Never Losing the ‘What’ of Digital Advertising

It’s curious timing to suddenly see a return to search as a viable playing field in a marketplace where everything and everyone is focused on mobile and video, with programmatic buying driving the market. What mobile has done in resetting the field has put Google’s dominant position into play.

A few weeks ago, The Wall Street Journal ran a piece on Pinterest describing the company’s aspirations of going after search ad budgets. Another recent story from Business Insider looked at the rise of Amazon as the new starting point for searching over Google in commerce-driven experiences. But the interesting reality of all this renewed discussion is not in the return to search as a battleground, but rather the reminder that intent remains the Holy Grail.

This was brilliantly summed up in a discussion at Google last week when someone opined, “The ‘what’ has not changed; the ‘how we do it’ has.” Meaning that while programmatic, as well as mobile- and video-viewing habits, are shifting greatly and altering the way we buy, our True North remains what we’re seeking to acquire: customers expressing intent or interest by behavior.

Think about Pinterest, which describes itself as a catalog of ideas while sharing search query stake. Today, it might be more accurate to rename it “Pintent”: a business built on consumers cataloging visual elements that, when combined, creates a picture of an individual’s future intent. Though it has historically manifested itself in fashion, home design, and food, it continues to grow.

And that’s the tip of the visual iceberg. Whereas Google was born out of 10 blue links and has evolved into a now-driven response mechanism, we are beginning to see a greater shift from responsive to predictive. Start a query on Google for weather and by the time you type “wea,” you will have the answer to the question based on your location.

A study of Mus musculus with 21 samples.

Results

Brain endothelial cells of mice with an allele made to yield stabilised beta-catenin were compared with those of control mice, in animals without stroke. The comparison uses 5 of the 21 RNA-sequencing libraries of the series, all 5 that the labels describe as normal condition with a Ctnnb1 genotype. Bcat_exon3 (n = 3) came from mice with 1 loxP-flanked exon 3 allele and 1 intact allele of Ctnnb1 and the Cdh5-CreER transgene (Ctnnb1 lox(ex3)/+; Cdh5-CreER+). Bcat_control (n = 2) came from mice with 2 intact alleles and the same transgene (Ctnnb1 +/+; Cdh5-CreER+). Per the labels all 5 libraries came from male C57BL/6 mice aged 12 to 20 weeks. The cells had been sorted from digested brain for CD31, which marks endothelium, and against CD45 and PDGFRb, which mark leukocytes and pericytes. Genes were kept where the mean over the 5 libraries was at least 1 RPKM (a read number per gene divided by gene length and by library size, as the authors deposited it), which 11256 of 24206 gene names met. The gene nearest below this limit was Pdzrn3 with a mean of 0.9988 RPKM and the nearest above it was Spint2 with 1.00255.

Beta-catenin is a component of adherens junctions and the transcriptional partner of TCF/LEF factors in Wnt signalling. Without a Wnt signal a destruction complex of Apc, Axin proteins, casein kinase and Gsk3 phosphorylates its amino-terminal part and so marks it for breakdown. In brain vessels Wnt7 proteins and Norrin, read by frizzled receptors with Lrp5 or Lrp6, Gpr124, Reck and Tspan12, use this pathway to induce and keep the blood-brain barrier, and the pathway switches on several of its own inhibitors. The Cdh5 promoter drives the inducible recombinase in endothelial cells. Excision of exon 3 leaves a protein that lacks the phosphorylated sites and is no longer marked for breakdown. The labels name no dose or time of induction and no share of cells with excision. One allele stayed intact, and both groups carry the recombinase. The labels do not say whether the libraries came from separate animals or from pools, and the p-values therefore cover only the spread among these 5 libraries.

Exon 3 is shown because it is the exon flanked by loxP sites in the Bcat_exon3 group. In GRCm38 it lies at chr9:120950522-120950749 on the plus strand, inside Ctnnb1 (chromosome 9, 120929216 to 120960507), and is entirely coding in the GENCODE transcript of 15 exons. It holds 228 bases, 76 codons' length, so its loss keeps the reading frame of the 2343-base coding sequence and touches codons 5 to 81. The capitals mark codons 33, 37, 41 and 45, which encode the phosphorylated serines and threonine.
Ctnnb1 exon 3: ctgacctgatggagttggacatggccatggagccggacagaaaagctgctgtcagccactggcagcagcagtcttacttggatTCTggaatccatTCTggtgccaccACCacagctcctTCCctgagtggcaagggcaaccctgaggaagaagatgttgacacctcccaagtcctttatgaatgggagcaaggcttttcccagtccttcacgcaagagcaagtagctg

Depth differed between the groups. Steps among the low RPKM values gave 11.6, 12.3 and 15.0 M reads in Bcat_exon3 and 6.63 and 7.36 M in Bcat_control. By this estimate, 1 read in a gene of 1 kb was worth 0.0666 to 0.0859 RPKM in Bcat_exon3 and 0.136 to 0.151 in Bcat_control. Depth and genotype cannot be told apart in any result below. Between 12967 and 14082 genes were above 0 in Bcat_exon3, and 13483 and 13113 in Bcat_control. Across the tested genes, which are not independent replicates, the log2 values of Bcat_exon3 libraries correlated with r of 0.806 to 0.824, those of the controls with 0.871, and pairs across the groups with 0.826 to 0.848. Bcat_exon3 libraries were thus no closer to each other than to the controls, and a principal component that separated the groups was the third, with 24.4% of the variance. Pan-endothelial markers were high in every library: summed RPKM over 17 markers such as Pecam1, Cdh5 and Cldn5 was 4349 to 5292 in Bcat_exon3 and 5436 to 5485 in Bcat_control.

In no place will this be more realized than with voice search. To really appreciate the dramatic growth in voice search and personal assistance, you have to look year-over-year at the efficiency from Siri, Cortana, and Google. What is becoming evident is that the machines are learning more every day and becoming more capable to behave like your life partner – even finishing your sentences.

The Google Empire was built on providing the widest choices of response, with high relevancy, to your intent state from awareness to consumption or purchase. Now, a multitude of companies – Amazon in retail, Pinterest in personal interest, and Yieldbot in the retargeting space, just to name a few – are looking to carve apart the kingdom with a laser-focused approach to understanding individual intent.

This stands in stark contrast to the idea of buying audiences based on behavior, and will force brands to consider the balance. Again, while “how it gets bought” is still evolving more than a decade after Google brought consumer intent to the forefront of media buying, the “what” of connecting the brand and consumer is still the central purpose for being.